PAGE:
Nigerian police names suspects in Abuja car bombings

Nigerian President Goodluck Jonathan
Image caption Mr Jonathan said a terrorist group outside Nigeria committed the attacks

Nigerian police have named two men suspected of organising car bombings which killed at least 12 people in Abuja on Friday.

The police said Chima Orlu and Ben Jessy were Nigerian but gave no further details about the men.

President Goodluck Jonathan had earlier blamed "a small terrorist group that resides outside Nigeria" for the blast.

His comments cast doubts on an earlier claim of responsibility by the militant group Mend.

A former Movement for the Emancipation of the Niger Delta (Mend) leader, Henry Okah, is expected to be appear in court in Johannesburg on Monday after being arrested in connection with the bombings.

Mr Okah told the BBC on Friday that his group, which says it is fighting for a fairer distribution of Nigeria's oil wealth, was not responsible.

A statement, claiming to speak for Mend, had claimed responsibility for the bombings during celebrations in the capital on the 50th anniversary of independence.

The group apparently sent a warning shortly before the blasts, saying "several explosive devices have been successfully planted in and around the venue by our operatives working inside the government security services".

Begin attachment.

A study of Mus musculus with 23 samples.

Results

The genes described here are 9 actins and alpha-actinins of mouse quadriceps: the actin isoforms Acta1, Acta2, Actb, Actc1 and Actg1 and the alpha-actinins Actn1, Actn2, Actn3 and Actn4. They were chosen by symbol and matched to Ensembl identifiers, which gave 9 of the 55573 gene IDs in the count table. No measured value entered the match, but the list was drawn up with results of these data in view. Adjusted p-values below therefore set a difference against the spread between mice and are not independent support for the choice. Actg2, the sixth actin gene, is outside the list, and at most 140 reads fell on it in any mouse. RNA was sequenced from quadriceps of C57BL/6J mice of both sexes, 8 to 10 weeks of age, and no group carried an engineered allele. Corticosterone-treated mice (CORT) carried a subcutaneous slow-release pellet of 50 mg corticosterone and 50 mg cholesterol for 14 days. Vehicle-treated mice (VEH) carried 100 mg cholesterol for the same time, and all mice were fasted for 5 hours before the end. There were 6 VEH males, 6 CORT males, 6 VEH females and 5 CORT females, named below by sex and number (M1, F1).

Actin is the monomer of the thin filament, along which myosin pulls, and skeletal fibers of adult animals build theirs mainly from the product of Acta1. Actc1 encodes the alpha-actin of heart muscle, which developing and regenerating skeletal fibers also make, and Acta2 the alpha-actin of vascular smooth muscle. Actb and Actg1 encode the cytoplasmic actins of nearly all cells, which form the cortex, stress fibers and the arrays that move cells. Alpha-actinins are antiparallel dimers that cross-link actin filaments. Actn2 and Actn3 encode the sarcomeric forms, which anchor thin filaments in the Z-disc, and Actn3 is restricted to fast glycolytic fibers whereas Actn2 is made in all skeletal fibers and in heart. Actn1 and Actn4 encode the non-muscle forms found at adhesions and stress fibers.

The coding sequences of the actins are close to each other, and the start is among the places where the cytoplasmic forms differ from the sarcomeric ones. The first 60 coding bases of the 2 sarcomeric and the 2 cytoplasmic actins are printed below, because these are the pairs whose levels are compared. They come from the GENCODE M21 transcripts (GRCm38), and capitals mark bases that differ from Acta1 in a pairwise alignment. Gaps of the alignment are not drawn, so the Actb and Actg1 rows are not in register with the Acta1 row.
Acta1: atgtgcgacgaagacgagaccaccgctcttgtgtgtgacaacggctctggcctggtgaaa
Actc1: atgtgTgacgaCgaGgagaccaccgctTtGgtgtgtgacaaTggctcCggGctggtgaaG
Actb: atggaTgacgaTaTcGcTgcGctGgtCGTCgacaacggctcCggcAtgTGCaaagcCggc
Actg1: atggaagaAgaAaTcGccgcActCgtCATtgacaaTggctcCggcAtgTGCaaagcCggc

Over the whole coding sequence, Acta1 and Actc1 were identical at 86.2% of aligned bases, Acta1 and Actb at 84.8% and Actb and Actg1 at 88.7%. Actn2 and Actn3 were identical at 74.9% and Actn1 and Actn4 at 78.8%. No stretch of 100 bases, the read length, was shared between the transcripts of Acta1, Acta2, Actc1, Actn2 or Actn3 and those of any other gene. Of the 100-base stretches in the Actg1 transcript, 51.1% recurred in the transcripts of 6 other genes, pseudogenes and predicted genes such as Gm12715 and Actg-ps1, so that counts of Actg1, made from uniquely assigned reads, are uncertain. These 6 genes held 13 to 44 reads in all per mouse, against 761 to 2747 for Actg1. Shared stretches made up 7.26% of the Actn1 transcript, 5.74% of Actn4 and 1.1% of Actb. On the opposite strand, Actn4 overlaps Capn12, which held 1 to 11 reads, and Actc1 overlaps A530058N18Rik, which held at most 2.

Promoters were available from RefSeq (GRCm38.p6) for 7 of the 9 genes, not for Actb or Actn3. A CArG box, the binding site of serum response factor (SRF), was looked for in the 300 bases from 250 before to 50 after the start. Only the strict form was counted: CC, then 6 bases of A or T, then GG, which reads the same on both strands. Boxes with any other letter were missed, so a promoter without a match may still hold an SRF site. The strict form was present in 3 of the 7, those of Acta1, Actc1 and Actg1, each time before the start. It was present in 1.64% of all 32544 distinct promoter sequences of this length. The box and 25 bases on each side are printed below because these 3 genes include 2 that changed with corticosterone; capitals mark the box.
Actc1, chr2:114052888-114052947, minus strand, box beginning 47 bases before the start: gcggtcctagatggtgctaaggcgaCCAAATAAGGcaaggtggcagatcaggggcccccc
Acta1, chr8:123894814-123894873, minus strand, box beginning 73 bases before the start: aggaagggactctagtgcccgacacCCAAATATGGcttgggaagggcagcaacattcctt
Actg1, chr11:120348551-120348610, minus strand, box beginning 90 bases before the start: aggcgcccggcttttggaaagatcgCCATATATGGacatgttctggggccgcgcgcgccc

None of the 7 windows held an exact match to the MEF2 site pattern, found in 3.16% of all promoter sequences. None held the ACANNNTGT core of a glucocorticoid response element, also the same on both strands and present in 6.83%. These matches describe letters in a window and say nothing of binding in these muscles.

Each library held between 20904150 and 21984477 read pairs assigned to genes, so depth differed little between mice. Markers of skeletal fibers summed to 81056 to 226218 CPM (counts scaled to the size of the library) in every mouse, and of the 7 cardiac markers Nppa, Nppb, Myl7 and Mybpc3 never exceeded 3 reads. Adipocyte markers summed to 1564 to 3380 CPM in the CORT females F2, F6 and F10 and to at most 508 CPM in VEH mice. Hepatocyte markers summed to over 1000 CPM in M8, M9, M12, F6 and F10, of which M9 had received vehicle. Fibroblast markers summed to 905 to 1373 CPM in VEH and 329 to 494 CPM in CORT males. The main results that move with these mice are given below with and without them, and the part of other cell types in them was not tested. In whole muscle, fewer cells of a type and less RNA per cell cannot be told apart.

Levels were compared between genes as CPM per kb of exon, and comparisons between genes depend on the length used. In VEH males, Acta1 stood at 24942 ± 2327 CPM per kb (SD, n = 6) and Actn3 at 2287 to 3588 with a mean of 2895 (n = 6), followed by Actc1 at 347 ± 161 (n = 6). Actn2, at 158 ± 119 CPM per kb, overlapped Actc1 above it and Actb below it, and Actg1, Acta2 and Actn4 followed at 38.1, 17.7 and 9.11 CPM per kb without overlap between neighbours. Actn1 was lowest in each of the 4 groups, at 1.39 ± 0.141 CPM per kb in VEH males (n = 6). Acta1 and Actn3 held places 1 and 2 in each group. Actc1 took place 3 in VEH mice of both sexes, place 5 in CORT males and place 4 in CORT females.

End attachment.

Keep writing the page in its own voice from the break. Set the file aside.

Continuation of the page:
If confirmed, this would be the first time Nigeria's oil militants have staged an attack in the capital, Abuja.

However, on Sunday President Jonathan said in a statement that investigations had shown that members of Mend said "they know nothing" about claiming responsibility for the attacks.

Senior commanders in the group, who are abiding by a ceasefire with the government, have told the BBC they condemn the bombs.

In the ceasefire agreement signed last year, former fighters were offered an amnesty and small amounts of cash in return for handing in their weapons.

But there have been complaints about delays in this process.

The BBC's Caroline Duffield in Lagos says that Mr Okah is believed to lead a tiny faction of Mend that is opposed to the amnesty.

Some Mend commanders are infuriated that what they see as a tiny, violent faction apparently claims to speak for the whole group, our correspondent says.

Mend says it is fighting so that more of Nigeria's massive oil wealth is used to benefit the Niger Delta area which produces the oil.

But criminal gangs have taken advantage of the region's instability to make money from ransoms paid by oil companies and stealing oil.

Before the amnesty, attacks on foreign oil workers and installations had cut Nigeria's oil output by up to 20%.

Nigeria is one of Africa's biggest oil producers but most of its population lives on less than $1 a day.